Blues eager to resume series


"They've got great tourist attractions, great golf courses, they've got everything," Hitchcock said. "We just don't want to do anything."

Some 70 hours have passed since the Blues hung on for a 4-3 win over the Sharks in Game 3 of the first round, giving them a 2-1 lead in the best-of-seven series. The team practiced Wednesday after limiting Tuesday to an off-ice workout and a team dinner. Most of the players' time has been spent either milling around downtown San Jose or hanging out in a private lounge in the hotel.

"There's a TV and the playoff games are on," Blues forward T.J. Oshie said, describing the scene. "(David Perron) is on his computer, (Alex Steen) is playing music, and we've been playing cards. The cards get pretty heated. It seems like it's everyone against (B.J. Crombeen). He gets on guys when they make certain plays that help out other guys, and then when he makes them, it's fine. It's everyone vs. Beener."

Tonight, though, it finally will be the Blues vs. the Sharks, and while many agreed that the two days off has been re-energizing, the club is eager to resume the series.

"I said before the last game that it's too much time between games because you'd like to go back out there and not lose any edge that you had in the last game," Blues captain David Backes said. "You just sit around and think of ways to improve your game ... the things that haven't gone as well as we've liked. But two days is probably too much time to think about it."

The Blues are thrilled with their power play, which scored three goals in the win Monday and is five for 10 in the series. But at even strength, the Blues and San Jose have four goals apiece, which includes a four-on-four goal by the Sharks.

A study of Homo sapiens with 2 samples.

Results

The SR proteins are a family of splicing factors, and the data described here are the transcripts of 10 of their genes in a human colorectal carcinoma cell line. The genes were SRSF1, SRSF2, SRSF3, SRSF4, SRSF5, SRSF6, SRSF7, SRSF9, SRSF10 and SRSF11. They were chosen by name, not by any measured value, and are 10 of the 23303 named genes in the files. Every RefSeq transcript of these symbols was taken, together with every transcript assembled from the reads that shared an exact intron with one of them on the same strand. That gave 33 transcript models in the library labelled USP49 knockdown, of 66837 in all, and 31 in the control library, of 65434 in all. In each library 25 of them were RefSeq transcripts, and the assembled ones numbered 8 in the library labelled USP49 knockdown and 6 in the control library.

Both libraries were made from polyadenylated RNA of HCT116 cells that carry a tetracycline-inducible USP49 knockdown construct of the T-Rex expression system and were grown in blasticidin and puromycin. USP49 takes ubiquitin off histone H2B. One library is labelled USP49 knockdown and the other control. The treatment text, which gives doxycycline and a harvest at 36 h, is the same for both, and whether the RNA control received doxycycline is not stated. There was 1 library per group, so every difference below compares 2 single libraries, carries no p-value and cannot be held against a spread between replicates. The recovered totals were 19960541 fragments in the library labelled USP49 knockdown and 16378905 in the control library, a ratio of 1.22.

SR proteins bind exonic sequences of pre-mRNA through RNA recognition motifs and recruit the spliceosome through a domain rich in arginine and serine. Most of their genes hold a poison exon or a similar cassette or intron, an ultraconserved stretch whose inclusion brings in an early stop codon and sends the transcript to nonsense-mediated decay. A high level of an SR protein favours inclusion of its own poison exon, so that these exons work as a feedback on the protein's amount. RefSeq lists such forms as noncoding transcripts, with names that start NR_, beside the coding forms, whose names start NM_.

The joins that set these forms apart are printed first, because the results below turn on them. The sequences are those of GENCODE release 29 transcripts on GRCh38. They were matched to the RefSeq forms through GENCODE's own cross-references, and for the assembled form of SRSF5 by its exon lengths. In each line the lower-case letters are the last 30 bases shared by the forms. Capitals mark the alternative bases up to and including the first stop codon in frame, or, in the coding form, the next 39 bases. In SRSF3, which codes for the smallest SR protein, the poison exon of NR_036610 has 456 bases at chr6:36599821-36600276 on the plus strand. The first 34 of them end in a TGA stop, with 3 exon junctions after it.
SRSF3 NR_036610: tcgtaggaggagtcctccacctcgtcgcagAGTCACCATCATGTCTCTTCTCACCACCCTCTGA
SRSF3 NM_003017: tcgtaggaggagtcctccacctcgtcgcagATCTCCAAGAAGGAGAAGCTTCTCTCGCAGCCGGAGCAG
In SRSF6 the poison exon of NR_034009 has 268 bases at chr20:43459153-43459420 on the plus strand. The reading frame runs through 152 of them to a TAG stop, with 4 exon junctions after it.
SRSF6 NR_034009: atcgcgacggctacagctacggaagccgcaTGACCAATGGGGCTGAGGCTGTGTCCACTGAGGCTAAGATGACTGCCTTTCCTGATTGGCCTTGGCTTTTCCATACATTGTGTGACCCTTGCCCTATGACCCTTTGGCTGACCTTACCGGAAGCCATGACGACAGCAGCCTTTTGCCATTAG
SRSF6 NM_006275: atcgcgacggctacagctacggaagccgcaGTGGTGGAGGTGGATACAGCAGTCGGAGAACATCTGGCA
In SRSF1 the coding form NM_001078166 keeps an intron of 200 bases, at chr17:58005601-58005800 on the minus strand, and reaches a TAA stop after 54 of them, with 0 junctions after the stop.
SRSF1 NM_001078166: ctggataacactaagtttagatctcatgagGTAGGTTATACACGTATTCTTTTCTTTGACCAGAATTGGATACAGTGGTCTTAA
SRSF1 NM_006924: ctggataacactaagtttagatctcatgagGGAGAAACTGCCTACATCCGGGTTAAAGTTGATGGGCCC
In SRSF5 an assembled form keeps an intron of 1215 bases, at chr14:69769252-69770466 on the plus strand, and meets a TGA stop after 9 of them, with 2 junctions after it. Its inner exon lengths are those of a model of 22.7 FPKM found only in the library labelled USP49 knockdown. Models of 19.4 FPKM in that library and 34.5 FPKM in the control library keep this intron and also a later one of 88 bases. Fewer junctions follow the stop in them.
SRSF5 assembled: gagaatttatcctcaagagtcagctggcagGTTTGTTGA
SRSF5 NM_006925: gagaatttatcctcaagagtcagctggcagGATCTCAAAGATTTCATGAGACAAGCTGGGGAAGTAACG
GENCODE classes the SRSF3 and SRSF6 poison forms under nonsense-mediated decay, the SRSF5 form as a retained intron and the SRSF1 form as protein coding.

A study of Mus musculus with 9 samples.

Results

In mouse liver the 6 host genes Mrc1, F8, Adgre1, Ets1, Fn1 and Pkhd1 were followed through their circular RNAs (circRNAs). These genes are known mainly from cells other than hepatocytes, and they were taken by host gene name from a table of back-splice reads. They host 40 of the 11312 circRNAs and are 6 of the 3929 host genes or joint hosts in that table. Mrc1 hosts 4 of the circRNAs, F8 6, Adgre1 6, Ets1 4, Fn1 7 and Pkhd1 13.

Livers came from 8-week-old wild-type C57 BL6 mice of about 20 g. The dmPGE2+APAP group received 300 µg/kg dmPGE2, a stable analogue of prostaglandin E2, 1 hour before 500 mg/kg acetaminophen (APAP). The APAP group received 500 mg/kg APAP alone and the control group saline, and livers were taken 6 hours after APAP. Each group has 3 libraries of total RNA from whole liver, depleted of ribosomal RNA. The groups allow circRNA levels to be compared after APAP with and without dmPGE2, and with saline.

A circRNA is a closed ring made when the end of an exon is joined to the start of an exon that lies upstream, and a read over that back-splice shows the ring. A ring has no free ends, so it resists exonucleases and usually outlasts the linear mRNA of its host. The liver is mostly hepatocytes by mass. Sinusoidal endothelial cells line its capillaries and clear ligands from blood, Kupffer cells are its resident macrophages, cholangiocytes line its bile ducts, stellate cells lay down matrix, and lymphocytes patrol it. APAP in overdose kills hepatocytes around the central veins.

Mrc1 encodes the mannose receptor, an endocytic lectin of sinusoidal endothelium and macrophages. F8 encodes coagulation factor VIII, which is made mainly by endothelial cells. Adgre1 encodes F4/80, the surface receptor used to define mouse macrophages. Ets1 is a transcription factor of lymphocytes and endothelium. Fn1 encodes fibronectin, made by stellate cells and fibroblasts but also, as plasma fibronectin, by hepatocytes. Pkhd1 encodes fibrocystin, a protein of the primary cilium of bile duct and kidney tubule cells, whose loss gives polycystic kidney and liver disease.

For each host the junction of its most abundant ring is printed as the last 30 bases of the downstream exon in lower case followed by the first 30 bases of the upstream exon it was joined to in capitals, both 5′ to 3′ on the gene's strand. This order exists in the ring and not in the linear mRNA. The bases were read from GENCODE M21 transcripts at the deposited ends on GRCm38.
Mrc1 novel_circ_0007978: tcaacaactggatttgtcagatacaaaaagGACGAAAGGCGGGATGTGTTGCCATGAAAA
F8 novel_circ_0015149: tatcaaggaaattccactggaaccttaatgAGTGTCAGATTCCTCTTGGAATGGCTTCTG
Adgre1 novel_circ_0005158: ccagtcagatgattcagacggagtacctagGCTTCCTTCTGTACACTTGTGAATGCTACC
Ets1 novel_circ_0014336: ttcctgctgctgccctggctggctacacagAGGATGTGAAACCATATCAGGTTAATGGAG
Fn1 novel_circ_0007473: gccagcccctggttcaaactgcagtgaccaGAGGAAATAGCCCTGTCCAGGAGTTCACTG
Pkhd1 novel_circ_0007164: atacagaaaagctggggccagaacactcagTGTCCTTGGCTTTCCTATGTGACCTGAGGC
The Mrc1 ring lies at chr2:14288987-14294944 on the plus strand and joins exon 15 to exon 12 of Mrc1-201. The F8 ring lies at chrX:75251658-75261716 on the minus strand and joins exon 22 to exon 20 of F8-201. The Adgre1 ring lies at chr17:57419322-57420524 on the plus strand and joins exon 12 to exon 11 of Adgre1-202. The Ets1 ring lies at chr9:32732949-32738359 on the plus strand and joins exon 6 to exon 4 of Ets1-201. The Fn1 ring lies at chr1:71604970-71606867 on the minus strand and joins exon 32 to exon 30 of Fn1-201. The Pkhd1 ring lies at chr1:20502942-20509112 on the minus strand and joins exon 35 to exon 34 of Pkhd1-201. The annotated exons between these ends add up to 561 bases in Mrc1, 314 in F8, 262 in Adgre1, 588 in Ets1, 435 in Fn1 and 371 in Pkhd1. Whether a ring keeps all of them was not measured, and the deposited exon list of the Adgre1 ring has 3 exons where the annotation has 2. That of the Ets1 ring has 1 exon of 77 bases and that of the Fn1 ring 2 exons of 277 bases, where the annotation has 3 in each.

The Blues were second in the NHL in the regular season in five-on-five goals for and against (1.34), but they are sixth among the 16 playoff teams (1.33).

"In order to win the next game, we have to play better five on five," Hitchcock said. "I'm not looking for more offense. I'm looking for better play. ... We've had some really good stretches, but overall we need to play better period five on five. We can play better. It's better defensively, it's creating more ... it's playing with more consistent energy.

"Our power play has given us the little advantage in the series. But it's still going to end up being a series that five on five is going to win. Of the two teams, we're the team that has to improve the most five on five. Yes, we're up 2-1, but as the series goes, the games get to be more five on five. The spillage from Game 2 wasn't there (in Game 3) because both teams knew what was at stake. When you get two teams that are this close competing-wise, the penalties usually get fewer and fewer because you get to a point where you're afraid to take them."

The Blues lead by one game in the series, and some national media are declaring them the better team. After losing a double-overtime decision Game 1, the Blues outscored San Jose 7-1 in one stretch, starting with a 3-0 win in Game 2 and continuing with a 4-1 lead in Game 3.

But if the Sharks' late rally and the even-strength parity isn't enough to prevent the Blues from having a false sense of security, the Blues say climbing out of a one-game deficit earlier in the series is enough.

"Honestly, it's one game," Steen said. "It's the same thing I said after Game 1. It was a tough loss, but it was Game 1. It's a long series. If you start looking too far ahead, you lose focus on the task at hand. It's a cliché, but the teams that live and play by it, succeed. We won the last game. We thought we had a solid performance until the last few minutes. We'll make some adjustments and go right back at it for Game 4."

The Blues have had plenty of time to think about it the past two days.

"It gives the players an opportunity where they pause and reflect on how they're playing and physically rest up," Hitchcock said. "You're going to see the most energy in any of the games in the fourth game because both teams are going to be rested and ready to go."